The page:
Mining operations definition
Mining is the industry or activity of removing substances such as coal or metal from the ground by digging. Even though it may not seem very common on first world countries, material extraction is a very common activity, and you can find it almost everywhere.
Mining operations include the extraction of minerals and metals such as copper, tin, nickel, bauxite (aluminum ore), iron ore, gold, silver, and diamonds from Earth’s surface as raw materials for the manufacture of other products and commodities.
Types of mining operations
These types of activities are one of the main causes of air pollution and we will discuss it on this post. However, mining operations also create huge impact on the land and the environment, destroying wildlife, ecosystems, landscapes and polluting water.
You should not confuse mining activities with cryptocurrency mining, which is a very different concept taking place in cryptocurrencies like bitcoin or ethereum. Instead, check out the following mining types, mining pollution, and working conditions.
Surface mining, as the name itself indicates, is when the ore is accessed directly from the Earth’s surface, and contact is maintained with the surface throughout the operation. In other words, you don’t need to dig a tunnel to find the ore you look for.
There are several methods used nowadays for surface mining, but the following are the most used in 2018: open-pit mining (also known as open-cast mining), quarrying, strip mining, mountaintop removal and dredging.
Underground mining is also called subsurface mining. This type of mining happens when miners need to dig tunnels into the earth to extract the ore. In this type no processes take place in the earth surface.
As the previous type, you can find different methods used in 2018 of underground mining: room and pillar mining, cut and fill mining, sub-level open stopping, shrinkage stopping, long-wall mining, block caving and sub-level caving.
Mining air pollution
In the mining process a lot of activities are involved: drilling, blasting, hauling, collection, and transportation. Some mining methods may have significant environmental impact and public health effects during these activities, as miners have a huge and constant exposure to several air pollutants.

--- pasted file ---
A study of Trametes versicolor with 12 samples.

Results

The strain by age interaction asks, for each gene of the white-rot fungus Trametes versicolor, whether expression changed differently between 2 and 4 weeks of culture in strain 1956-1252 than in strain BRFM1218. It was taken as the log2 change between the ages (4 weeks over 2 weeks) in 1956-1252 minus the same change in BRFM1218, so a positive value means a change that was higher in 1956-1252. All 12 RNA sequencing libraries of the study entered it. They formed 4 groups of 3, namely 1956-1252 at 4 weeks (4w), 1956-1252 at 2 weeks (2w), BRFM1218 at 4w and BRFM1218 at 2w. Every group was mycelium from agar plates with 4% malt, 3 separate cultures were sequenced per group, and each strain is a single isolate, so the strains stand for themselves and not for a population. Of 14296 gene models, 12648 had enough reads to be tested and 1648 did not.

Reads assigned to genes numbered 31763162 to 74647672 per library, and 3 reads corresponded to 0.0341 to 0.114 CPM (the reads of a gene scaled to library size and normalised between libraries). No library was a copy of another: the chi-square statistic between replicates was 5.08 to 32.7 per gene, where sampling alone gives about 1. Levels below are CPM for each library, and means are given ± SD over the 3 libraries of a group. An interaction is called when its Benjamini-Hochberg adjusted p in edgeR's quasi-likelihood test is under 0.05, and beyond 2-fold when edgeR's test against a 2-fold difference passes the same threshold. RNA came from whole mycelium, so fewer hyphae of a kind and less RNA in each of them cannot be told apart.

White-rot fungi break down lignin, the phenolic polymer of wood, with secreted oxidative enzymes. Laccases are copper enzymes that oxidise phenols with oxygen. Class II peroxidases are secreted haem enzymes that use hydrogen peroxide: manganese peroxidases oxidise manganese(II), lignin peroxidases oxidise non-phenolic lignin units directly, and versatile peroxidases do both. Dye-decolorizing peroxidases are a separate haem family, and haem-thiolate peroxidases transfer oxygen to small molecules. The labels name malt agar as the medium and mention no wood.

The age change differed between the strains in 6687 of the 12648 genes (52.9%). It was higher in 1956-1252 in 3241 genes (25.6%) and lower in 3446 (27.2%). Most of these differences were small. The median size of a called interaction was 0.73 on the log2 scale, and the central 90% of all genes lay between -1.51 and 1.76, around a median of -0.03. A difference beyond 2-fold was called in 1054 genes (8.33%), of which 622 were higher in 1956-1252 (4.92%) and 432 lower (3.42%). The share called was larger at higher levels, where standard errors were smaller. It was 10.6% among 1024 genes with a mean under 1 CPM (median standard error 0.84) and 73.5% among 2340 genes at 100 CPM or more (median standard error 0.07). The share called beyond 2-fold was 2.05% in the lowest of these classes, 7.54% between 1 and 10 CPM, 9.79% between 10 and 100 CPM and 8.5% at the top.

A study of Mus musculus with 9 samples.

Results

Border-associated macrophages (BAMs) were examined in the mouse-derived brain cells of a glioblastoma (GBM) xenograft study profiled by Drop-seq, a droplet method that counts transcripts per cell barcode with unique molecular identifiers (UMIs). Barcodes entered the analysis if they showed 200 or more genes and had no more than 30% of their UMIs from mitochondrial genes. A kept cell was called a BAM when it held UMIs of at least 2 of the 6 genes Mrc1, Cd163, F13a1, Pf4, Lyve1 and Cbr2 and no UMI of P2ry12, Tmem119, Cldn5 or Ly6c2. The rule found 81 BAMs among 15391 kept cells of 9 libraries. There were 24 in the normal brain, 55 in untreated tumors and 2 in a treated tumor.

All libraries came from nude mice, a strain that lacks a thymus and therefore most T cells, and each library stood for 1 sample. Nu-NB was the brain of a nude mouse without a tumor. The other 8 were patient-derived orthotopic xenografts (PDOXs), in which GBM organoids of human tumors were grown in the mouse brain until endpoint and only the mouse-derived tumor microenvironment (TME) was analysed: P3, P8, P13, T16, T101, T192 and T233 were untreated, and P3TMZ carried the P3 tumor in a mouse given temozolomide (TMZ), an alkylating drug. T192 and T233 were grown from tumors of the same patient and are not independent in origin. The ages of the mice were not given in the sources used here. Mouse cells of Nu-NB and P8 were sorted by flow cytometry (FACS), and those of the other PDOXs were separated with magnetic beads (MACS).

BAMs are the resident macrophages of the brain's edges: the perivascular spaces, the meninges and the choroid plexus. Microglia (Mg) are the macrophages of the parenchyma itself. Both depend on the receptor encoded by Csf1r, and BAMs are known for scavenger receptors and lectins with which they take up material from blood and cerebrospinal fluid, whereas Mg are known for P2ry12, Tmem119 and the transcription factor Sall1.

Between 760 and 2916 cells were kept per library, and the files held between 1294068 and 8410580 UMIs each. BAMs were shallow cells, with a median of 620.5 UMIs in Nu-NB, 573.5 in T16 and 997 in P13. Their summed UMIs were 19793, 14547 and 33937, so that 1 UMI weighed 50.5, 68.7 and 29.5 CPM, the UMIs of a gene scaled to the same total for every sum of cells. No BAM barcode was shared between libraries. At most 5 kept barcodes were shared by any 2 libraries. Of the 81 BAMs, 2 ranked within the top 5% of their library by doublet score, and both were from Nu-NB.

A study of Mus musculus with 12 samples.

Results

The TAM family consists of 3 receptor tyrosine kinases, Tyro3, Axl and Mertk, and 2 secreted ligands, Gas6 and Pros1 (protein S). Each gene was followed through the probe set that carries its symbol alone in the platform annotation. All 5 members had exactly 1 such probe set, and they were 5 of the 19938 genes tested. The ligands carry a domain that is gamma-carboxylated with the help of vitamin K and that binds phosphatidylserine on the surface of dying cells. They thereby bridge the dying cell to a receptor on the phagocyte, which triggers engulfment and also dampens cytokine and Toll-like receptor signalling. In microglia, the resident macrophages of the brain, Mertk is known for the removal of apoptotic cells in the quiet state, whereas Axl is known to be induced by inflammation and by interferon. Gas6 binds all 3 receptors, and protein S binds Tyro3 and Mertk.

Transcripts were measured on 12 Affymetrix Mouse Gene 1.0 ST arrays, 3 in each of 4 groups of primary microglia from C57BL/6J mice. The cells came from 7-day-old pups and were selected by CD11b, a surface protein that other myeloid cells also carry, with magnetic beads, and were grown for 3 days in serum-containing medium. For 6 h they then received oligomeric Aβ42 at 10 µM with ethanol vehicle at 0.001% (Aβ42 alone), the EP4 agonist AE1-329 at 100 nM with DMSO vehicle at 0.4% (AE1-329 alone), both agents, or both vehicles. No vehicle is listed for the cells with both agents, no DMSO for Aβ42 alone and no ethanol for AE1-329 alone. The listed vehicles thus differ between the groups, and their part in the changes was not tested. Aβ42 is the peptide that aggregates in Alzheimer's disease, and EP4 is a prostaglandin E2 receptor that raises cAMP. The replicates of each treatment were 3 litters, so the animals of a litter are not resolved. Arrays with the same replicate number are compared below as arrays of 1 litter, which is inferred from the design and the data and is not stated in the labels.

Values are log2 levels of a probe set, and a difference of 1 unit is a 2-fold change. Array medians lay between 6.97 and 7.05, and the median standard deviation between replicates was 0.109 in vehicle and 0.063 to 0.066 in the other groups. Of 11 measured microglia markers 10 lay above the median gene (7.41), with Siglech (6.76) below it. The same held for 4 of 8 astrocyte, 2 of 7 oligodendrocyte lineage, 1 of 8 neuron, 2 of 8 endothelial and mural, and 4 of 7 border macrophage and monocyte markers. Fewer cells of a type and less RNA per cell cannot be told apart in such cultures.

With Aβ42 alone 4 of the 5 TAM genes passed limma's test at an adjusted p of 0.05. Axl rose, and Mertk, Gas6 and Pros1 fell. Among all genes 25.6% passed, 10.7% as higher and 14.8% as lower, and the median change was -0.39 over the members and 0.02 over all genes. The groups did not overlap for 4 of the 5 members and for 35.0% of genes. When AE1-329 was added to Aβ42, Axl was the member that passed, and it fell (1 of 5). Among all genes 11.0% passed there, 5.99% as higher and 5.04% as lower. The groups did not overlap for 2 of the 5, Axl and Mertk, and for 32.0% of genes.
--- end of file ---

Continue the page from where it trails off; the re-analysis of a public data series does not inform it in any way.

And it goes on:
Air pollution from coal mines is particularly harmful due to emissions of particulate matter and gases, including methane (CH4), sulfur dioxide (SO2), and oxides of nitrogen (NOx), and carbon monoxide (CO).
Nonetheless, miners are not the only ones affected, nearby population and wildlife can also suffer diseases from this risky activity. The two most dangerous particles to exhale during this activity are coal dust and silica dust.
In particularly, silica, or often referred to as quartz, is a very common material to be found in many construction materials. The dust created by cutting, grinding, drilling or disturbing these materials can contain crystalline silica particles. These tiny invisible materials can penetrate deeply into lungs and have the ability to cut.
Mining risks and health problems
Miners contend with many daily health dangers from working around dust, heavy metals, hazardous gases, fumes and loud noises. Air quality in the chambers is very dangerous, and nowadays is mandatory to wear a dust mask even if you are around the mining area.
For many years until 2001, mining was considered the most dangerous industry for workers. During the recent years many policies have installed a culture of prevention in the mining sector, and number of deads have significantly dropped.
Still, miners’ chances of dying from explosions, cave-ins and equipment accidents are ever-present, and many chronic and fatal conditions are linked to their toxic work conditions. Even many years after they quit, lungs’ diseases appear due to the highly exposure for a lifetime career.
According to various governmental agencies the more dangerous health risks miners are exposed are the following:
- Welding fumes
- Back injuries due to heavy loads
- Whole body vibration (WBV)
- UV exposure
- Musculoskeletal disorders
- Thermal stress
- Chemical hazard
Two harmful diseases predominate due to the constant and highly exposure to dust:
Pneumoconiosis or black lung disease
This is due to long term inhalation of large concentrations of coal dust or silica dust. The settling and accumulation of these fine dust particles causes the scarring of the tissue between the air sacs, which eventually result in the inflammation and hardening of the lungs.
It is a consequence of the inhalation of large concentrations of silica dust, which results in the inflammation and buildup of fluid in the lungs, and shortness of breath. In the long run, chronic silicosis may also result in the development of lymph nodes in the chest and even death.
Gold, silver and coal mining jobs
Truth is that all these risks are accompanied with salary rewards, and miners have pretty good salaries.
If you read this post and you are still willing to take a job on the mining sector, check indeed to look out for jobs and companies within your area.